Fueled by lower borrowing costs and strong domestic consumption, the Philippines reported on Thursday that its economy grew a whopping 7.8 percent in the first quarter compared to last year, and 2.2 percent compared to the previous quarter, edging past China’s 7.7 percent year-over-year growth and 1.6 percent growth quarter-to-quarter.
So what’s going on? First, Standard & Poor's was the second debt agency this year to give the country investment grade status. In March, Fitch give the country its first investment grade, from BBB minus to BB plus, an important development that raises confidence, lowers the cost of borrowing and spurs much-needed foreign direct investment in an impoverished country of 98 million. The country reported an unemployment rate of 7.1 percent in March, one of the highest in Asia, according to CNA.
"We may now be moving along a new growth trajectory," said economic planning chief Arsenio Balisacan, according to Reuters.
Second, capital formation -- the accumulation of capital stock, such as equipment, buildings and other goods handled by the labor force -- jumped more than 47 percent, and public construction rose nearly 46 percent. Manufacturing in the country has shrugged off a global slowdown, rising almost 10 percent in the first quarter.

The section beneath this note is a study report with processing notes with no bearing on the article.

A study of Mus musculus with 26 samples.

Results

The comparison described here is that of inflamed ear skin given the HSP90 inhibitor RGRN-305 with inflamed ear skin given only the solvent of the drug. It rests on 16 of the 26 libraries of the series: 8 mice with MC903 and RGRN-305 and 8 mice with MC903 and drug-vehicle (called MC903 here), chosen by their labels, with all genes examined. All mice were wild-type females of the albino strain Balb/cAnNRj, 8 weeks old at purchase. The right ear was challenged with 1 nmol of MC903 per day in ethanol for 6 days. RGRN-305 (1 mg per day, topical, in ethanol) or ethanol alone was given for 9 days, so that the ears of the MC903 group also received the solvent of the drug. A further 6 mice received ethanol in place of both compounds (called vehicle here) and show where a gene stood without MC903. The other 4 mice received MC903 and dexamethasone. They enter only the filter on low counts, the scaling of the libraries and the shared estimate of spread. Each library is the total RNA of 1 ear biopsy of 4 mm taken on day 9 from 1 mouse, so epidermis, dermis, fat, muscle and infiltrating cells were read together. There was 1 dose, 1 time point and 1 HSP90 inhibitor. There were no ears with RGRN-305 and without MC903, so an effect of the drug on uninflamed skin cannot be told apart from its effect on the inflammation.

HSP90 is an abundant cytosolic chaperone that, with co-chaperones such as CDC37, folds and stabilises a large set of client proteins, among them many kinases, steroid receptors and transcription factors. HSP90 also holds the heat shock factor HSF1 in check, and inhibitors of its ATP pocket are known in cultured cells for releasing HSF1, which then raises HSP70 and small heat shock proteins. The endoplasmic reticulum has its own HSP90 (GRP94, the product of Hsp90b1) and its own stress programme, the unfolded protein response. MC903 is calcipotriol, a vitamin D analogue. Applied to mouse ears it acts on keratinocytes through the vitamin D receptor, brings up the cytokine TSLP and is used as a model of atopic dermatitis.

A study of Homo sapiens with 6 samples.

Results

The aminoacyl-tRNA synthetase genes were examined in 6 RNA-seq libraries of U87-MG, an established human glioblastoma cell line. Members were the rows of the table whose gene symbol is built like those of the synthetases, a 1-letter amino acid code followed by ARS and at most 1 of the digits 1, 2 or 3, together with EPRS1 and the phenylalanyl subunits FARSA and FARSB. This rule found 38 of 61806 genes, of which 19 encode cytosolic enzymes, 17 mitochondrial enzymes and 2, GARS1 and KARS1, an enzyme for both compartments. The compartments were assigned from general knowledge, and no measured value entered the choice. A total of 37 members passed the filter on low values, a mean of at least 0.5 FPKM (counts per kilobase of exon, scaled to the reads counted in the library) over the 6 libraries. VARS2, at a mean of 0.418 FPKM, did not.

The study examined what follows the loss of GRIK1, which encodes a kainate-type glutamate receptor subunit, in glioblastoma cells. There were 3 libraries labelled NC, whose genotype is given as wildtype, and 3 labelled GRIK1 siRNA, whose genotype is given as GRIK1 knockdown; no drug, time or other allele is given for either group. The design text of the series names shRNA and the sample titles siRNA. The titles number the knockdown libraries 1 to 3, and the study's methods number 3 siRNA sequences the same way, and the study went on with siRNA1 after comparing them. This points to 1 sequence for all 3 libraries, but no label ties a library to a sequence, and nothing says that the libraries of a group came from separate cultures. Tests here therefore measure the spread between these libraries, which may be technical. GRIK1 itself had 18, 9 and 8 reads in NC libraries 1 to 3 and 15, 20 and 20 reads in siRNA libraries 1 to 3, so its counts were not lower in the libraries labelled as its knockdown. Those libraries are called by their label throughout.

Third, the Pinoy workforce is considered high-quality relative to those of other developing markets in the region. Says the Financial Times:
When B/E Aerospace, the U.S.-based maker of aircraft cabin interior parts, was looking to build its first factory outside its home market of Europe, it did not look a lot further than the Philippines. The decision hinged largely on the quality of the Filipino labour force, but also, the company discovered, the move gave them access to a budding domestic industry of potential parts suppliers.
Bangko Sentral ng Pilipinas (BSP), the country’s central bank, will meet again on June 13 to assess the economic situation, but it has said there’s little threat that inflation will harm growth in the near future. The government is aiming for growth of between 6 percent and 7 percent for the year.